Directed time: what's covered and how to organise and allocate it

Understand the rules around directed time and download our directed time calculator to help you organise and allocate the 1,265 hours for your staff during the 2023/24 academic year. Also see examples of directed time budgets from schools.

Last reviewed on 30 October 2023See updates
School types: AllSchool phases: AllRef: 2976
Contents
  1. What's directed time and what are the rules?
  2. Use our spreadsheet to calculate directed time allocation
  3. You decide whether to use a directed time budget
  4. Examples of directed time budgets

What's directed time and what are the rules?

Full-time teachers employed under the School Teachers’ Pay and Conditions Document (STPCD) must normally be available to perform any activities or tasks specified by their employer or headteacher for 1,265 hours across the school year on days they're required to be available for work.

This time is known as 'directed time'.

The 1,265 hours limit is pro-rated for part-time teachers.

What's typically included in directed time? 

Any compulsory activity counts as directed time, so in addition to teaching hours:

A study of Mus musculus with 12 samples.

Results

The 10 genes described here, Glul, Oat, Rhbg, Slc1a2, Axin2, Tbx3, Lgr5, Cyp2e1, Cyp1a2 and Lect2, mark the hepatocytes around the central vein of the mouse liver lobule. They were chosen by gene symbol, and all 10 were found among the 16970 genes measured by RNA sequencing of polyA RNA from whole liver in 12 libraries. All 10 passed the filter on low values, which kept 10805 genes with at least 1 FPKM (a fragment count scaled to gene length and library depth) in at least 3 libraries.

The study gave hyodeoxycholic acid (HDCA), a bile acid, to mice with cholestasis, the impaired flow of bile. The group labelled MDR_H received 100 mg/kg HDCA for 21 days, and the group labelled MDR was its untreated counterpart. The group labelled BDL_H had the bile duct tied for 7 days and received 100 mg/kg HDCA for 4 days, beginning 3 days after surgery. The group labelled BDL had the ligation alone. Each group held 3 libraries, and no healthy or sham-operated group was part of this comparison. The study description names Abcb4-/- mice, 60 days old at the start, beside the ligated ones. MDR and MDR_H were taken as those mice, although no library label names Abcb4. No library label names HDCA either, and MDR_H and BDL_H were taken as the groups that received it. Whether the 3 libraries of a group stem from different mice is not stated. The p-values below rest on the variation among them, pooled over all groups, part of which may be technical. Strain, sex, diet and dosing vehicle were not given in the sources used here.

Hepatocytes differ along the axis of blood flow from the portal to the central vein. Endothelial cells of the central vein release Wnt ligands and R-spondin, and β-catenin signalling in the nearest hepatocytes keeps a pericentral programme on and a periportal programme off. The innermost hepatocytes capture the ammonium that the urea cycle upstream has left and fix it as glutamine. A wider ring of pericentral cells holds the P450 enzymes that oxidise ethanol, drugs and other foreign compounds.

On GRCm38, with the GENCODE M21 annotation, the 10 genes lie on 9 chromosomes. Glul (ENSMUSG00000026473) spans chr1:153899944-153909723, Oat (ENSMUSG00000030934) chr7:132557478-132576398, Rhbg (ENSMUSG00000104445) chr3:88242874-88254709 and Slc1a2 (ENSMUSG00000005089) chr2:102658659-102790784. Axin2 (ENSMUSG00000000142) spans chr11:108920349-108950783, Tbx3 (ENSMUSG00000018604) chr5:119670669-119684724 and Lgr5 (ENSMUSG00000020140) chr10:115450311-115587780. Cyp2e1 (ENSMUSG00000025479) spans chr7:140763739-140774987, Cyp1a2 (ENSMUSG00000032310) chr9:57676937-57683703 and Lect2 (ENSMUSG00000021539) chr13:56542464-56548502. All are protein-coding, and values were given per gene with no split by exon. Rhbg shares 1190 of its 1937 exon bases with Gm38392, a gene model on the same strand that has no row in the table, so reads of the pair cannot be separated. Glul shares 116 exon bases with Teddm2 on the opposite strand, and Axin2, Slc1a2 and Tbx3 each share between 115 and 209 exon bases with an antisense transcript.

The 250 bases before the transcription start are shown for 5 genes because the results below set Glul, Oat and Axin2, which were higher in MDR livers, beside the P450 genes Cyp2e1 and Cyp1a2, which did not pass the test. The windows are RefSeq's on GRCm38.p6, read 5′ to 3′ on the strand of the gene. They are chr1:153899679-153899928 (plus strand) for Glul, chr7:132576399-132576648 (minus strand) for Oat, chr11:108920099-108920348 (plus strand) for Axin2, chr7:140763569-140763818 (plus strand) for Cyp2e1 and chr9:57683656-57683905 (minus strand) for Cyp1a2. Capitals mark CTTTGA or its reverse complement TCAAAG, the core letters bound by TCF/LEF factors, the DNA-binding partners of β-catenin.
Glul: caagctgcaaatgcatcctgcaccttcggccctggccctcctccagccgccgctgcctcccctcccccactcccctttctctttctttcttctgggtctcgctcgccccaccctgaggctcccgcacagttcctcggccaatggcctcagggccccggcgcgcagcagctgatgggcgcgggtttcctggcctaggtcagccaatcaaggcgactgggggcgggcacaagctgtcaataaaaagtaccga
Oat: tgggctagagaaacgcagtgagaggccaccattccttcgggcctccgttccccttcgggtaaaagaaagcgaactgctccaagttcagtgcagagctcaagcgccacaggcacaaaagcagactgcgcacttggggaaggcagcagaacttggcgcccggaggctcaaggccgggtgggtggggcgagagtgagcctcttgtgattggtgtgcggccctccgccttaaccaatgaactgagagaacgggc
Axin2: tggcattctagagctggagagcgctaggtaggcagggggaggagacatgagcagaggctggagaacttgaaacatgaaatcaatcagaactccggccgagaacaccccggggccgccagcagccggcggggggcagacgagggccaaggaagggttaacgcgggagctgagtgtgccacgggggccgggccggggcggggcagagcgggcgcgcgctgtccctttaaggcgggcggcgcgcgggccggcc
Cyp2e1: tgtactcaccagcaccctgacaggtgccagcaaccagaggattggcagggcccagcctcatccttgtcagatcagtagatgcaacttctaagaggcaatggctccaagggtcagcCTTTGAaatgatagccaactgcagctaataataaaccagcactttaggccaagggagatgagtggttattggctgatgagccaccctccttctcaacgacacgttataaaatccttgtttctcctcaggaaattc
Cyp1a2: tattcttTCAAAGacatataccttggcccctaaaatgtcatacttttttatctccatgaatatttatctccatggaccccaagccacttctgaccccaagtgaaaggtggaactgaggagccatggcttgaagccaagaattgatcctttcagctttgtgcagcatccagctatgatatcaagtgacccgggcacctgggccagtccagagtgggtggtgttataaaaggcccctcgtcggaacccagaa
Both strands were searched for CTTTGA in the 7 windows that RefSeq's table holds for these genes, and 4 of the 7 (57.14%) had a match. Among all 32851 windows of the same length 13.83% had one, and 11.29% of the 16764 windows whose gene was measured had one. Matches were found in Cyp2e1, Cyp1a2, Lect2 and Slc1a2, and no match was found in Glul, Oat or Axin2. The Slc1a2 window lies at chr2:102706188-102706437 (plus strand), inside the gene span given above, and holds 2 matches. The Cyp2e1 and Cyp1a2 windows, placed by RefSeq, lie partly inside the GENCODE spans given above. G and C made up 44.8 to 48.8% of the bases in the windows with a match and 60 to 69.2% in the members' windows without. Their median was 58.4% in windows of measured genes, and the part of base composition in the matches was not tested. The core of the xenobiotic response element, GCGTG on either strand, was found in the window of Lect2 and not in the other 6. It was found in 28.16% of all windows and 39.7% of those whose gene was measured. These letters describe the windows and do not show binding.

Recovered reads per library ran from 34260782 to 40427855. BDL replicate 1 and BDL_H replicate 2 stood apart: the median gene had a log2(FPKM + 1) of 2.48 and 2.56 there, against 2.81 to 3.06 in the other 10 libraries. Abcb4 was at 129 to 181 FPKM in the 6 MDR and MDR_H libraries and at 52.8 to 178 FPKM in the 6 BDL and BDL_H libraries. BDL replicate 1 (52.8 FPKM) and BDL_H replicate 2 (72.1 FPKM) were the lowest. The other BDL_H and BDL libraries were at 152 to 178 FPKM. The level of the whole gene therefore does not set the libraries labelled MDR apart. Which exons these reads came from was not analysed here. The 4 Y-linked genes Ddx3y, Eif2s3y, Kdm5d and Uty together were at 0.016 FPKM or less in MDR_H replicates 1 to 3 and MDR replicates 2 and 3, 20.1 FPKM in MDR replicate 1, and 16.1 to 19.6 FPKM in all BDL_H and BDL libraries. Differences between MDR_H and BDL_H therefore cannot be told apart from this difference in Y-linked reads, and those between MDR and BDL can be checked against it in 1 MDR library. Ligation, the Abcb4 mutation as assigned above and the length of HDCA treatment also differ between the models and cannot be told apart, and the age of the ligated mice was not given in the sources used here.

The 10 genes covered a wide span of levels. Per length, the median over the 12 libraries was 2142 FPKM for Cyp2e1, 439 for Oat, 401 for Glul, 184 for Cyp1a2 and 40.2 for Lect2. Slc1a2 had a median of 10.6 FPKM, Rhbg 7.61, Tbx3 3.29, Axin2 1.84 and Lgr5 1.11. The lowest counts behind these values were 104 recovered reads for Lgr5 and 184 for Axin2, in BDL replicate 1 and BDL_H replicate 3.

• Meetings, such as staff meetings and performance management meetings
  • Supervisory duties
  • Registration
  • Assembly
  • Planning, preparation and assessment (PPA) time
  • Management time for teachers with additional responsibilities 
  • INSET days
  • Parents' evenings and open evenings

You don't have to include optional or voluntary tasks in directed time.

A representative from the DfE confirmed this is a sensible approach to take. 

Teachers must get 1 break of "reasonable length" each day

The Key has taken great care in publishing this article. However, some of the article's content and information may come from or link to third party sources whose quality, relevance, accuracy, completeness, currency and reliability we do not guarantee. Accordingly, we will not be held liable for any use of or reliance placed on this article's content or the links or downloads it provides. This article may contain information sourced from public sector bodies and licensed under the Open Government Licence v3.0.